Sovereignty: A New Year’s resolution for Black America

Patrick Delices | 1/9/2014, 12:59 p.m.

Sovereignty is the supreme economic, political and cultural reality where a group of people establishes autonomous power and authority to govern and manage their own land, labor and resources. Thus, it is paramount that we focus our energy, time and resources in becoming a sovereign people who can govern our own land and nation. As of this moment, given the fact that African-Americans do not have a military and independent territory, the most feasible avenue to achieve sovereignty is to either pressure Obama to sign an executive order establishing our protected status as a sovereign people and nation; lobby Congress to enact amendments to the U.S. Constitution regarding a federal trust responsibility as it pertains to our sovereign rights and protective status; or petition federal, state and local courts where human rights laws can be legally argued regarding our sovereign rights and protective status using the Marshall Trilogy (Johnson v. M’Intosh in 1823; Cherokee Nation v. Georgia in 1831; and Worcester v. Georgia in 1832) as a stare decisis.

As a matter of fact, local human rights laws can become one of the most expansive human rights laws in this country if amended. As such, an amendment to the human rights laws or a bill regarding a human rights hybrid to African-American sovereign rights and protective status can be filed by a council member where the mayor can either sign or veto the proposed legislation. If the mayor signs the proposed legislation, it becomes local law and part of the city’s charter and administrative code.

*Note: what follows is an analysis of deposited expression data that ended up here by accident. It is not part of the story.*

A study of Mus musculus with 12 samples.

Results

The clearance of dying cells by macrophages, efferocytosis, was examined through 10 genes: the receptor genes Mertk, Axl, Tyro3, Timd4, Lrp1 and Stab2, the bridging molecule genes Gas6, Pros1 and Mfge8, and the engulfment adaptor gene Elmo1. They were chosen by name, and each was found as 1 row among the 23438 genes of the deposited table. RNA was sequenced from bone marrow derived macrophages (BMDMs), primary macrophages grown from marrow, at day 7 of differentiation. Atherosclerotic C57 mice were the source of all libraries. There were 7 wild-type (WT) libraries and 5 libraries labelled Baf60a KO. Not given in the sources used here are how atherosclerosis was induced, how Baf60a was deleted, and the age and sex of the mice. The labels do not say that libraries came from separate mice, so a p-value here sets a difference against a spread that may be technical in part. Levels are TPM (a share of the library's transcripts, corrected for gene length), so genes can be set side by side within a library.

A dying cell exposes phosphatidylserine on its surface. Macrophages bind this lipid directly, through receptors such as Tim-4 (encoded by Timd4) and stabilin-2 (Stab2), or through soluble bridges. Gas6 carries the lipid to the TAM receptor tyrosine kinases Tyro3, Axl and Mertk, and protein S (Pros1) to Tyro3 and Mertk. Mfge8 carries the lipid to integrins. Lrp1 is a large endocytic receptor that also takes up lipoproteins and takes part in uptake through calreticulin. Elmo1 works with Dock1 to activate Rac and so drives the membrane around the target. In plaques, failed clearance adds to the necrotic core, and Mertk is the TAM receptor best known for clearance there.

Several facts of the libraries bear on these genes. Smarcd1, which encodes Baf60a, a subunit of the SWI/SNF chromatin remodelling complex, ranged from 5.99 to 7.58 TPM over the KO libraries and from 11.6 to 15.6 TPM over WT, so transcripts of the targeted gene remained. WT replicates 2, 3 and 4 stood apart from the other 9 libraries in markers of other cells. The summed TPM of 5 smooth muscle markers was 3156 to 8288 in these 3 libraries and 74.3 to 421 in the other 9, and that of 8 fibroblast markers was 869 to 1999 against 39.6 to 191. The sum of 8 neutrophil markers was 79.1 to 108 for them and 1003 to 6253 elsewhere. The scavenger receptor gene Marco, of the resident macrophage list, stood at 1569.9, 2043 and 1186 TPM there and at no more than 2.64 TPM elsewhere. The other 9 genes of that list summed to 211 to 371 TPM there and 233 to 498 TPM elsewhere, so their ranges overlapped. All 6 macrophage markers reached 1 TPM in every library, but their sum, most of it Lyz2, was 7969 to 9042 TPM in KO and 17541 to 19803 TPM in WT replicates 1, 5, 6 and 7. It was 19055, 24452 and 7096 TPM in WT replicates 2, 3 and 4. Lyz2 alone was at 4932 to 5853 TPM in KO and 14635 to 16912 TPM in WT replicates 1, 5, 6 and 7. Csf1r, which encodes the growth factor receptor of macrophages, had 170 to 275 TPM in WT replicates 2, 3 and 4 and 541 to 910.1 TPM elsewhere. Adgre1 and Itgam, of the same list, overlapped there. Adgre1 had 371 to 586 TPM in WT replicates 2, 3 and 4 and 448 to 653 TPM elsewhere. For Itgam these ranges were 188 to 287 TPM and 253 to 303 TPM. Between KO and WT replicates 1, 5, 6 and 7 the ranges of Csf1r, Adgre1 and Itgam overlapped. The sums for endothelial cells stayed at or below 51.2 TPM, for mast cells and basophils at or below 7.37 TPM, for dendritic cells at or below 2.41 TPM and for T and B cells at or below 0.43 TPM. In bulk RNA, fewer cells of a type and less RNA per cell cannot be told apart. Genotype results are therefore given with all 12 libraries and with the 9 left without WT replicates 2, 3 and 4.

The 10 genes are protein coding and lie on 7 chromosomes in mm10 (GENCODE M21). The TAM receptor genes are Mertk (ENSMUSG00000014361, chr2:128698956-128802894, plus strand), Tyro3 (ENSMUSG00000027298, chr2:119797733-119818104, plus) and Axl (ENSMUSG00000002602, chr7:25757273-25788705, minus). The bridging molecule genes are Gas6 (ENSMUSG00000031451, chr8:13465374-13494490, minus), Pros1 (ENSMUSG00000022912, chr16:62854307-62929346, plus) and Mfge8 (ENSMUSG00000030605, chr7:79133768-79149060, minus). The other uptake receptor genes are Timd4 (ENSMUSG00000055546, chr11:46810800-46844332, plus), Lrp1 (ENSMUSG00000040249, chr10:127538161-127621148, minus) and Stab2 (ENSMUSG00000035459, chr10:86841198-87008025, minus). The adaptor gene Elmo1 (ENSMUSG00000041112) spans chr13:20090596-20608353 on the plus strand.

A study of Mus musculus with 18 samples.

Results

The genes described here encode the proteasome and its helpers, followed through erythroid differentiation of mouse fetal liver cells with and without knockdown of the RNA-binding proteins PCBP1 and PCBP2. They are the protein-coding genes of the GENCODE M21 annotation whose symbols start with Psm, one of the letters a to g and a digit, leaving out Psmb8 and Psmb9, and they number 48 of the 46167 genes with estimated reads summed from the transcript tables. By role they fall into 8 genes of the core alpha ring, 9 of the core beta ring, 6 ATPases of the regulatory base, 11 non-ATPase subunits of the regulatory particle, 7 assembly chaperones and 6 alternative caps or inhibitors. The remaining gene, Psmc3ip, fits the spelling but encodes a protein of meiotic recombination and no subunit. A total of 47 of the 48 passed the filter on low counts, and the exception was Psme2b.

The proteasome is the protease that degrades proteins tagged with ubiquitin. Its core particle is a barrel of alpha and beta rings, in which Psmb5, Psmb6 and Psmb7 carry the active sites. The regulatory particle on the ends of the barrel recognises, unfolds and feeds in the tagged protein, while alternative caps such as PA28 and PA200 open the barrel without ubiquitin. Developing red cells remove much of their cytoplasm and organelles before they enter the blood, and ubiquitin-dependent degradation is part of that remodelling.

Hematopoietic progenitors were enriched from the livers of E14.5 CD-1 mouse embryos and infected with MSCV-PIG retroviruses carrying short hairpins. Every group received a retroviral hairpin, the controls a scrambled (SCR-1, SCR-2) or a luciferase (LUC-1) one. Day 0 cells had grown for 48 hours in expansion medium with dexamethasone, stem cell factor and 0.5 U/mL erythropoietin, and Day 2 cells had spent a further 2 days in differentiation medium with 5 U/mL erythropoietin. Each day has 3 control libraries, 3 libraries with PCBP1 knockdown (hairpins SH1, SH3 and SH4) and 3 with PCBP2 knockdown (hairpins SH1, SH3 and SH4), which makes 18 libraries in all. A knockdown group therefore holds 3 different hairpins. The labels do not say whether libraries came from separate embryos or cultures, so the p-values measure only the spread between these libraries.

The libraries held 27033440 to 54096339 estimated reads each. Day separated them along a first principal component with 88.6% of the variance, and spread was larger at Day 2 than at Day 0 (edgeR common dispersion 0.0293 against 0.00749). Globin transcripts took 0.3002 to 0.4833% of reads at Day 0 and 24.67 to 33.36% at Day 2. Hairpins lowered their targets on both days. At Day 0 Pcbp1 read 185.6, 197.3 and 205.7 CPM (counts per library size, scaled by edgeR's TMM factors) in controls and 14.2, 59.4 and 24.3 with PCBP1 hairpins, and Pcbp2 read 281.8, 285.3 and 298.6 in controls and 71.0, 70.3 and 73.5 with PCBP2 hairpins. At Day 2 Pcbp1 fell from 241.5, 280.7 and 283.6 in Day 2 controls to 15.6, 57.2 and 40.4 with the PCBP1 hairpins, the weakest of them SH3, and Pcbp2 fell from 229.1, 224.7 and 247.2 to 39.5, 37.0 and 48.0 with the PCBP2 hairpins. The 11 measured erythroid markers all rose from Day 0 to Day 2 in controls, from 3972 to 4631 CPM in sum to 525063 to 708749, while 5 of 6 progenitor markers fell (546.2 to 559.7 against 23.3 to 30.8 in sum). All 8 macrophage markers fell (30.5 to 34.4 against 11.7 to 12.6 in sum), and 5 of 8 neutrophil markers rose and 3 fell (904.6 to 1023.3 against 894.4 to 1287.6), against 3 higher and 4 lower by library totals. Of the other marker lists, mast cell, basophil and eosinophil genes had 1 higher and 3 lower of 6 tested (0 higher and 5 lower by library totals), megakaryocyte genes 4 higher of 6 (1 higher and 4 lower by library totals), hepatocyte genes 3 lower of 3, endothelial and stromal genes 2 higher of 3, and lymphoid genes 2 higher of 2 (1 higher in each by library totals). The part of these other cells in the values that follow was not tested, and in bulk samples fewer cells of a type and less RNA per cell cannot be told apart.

As an addendum to the above strategies, we can also explore the possibility of seeking relief, justice and sovereignty by petitioning the International Court of Justice, which is the main judicial branch of the United Nations, along with the International Criminal Court, where an established tribunal prosecutes and tries perpetrators for genocide, crimes against humanity, war crimes and crimes of aggression. By appealing to the global African community, we can also garner support to employ the foundation of international human rights law, the Universal Declaration of Human Rights, where the creation of an International Criminal Tribunal for African-Americans can prosecute and try perpetrators who violate the humanity, sovereign rights and protective status of African-Americans by way of hideous transgressions.

Only the enemies of African-American sovereignty will not pressure the president of the United States, lobby Congress, petition the courts and pursue human rights laws to establish sovereign rights and protective status for the descendants of enslaved Africans living in America. Thus, enemies of African-American sovereignty would rather engage in sclerotic methods such as marching and praying where the outcome is a prolix scale of outrageous killings, incarceration, unemployment, extreme poverty and a remarkable dependency on whites for our survival and basic necessities of life as we continue to live in squalor with our children under the watch of a biracial president.